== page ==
If you’re looking for an inexpensive Linux box, you’d probably find it hard to beat the low-end Mac Mini. It currently goes for £399 in a configuration including a 1.83 GHz Core 2 Duo, 1 GiB of RAM, an 80 GB hard disk, a CD-RW/DVD-ROM drive, both VGA and DVI output, a remote control, gigabit ethernet, 802.11b/g wireless, Bluetooth, Firewire, four USB ports. The case is only 51×165×165 mm, and the system’s all but silent.
Picking up a non-Apple keyboard, optical wheelmouse, and 17” or 19” DVI monitor will take the total price to somewhere in the region of £500–£550. What’s not to like?
If you’re looking to run Mac OS, you can still go with the non-Apple monitor and mouse, but you’re probably better spending the extra money for an Apple keyboard; OS X is somewhat confusing on a standard PC keyboard. But if you’re looking for a desktop system, note that the more extra bits and pieces you buy, the closer the price will come to that of an iMac, at £799, especially if you go for the high-end Mini at £499.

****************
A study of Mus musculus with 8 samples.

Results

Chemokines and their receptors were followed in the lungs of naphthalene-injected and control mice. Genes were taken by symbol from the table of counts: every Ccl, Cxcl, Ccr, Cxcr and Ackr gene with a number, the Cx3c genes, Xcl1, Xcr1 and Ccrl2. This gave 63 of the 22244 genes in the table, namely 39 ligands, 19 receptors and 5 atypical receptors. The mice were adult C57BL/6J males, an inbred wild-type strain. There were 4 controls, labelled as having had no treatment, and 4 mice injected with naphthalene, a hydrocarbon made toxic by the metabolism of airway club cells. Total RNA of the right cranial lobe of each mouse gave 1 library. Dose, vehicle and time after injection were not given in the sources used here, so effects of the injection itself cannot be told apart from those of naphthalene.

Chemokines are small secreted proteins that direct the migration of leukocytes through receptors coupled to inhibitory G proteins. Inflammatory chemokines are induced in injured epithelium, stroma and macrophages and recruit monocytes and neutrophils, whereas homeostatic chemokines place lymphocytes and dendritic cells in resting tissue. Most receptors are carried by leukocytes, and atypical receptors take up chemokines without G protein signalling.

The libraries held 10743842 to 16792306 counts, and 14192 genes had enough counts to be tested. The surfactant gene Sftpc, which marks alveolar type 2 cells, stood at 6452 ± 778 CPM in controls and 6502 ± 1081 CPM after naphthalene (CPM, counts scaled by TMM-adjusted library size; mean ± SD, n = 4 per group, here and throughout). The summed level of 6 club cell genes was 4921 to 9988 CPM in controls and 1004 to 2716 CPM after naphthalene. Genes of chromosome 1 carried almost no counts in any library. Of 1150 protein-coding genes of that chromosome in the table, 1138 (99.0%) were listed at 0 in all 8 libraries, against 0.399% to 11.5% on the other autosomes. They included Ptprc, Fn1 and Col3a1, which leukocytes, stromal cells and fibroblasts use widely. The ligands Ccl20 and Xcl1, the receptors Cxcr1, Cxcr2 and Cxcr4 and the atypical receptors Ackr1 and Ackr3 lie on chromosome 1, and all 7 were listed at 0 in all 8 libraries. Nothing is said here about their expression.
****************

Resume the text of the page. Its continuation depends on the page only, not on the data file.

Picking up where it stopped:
Update, 1 Oct: Well, there are two caveats if you want to run Linux, it turns out.
First, the system won’t boot up without a monitor plugged in. (That particularly annoyed me given that I bought mine to run headless.) Googling reveals some workarounds, including a VGA connector with a resistor soldered across two of the wires, or a £20 third-party dongle that pretends to be a monitor for DDC/EDID purposes.
Second, current Linux kernels seem to have some issues with the ethernet chip, at least using the sky2 driver: occasionally (perhaps once a week or so on average) the network connection drops, and can be restored by unplugging and replugging the ethernet cable. However, I’ve had similar issues with the sky2-driven ethernet chip in my laptop, and they’ve been resolved by kernel updates, so I don’t expect this situation to last forever.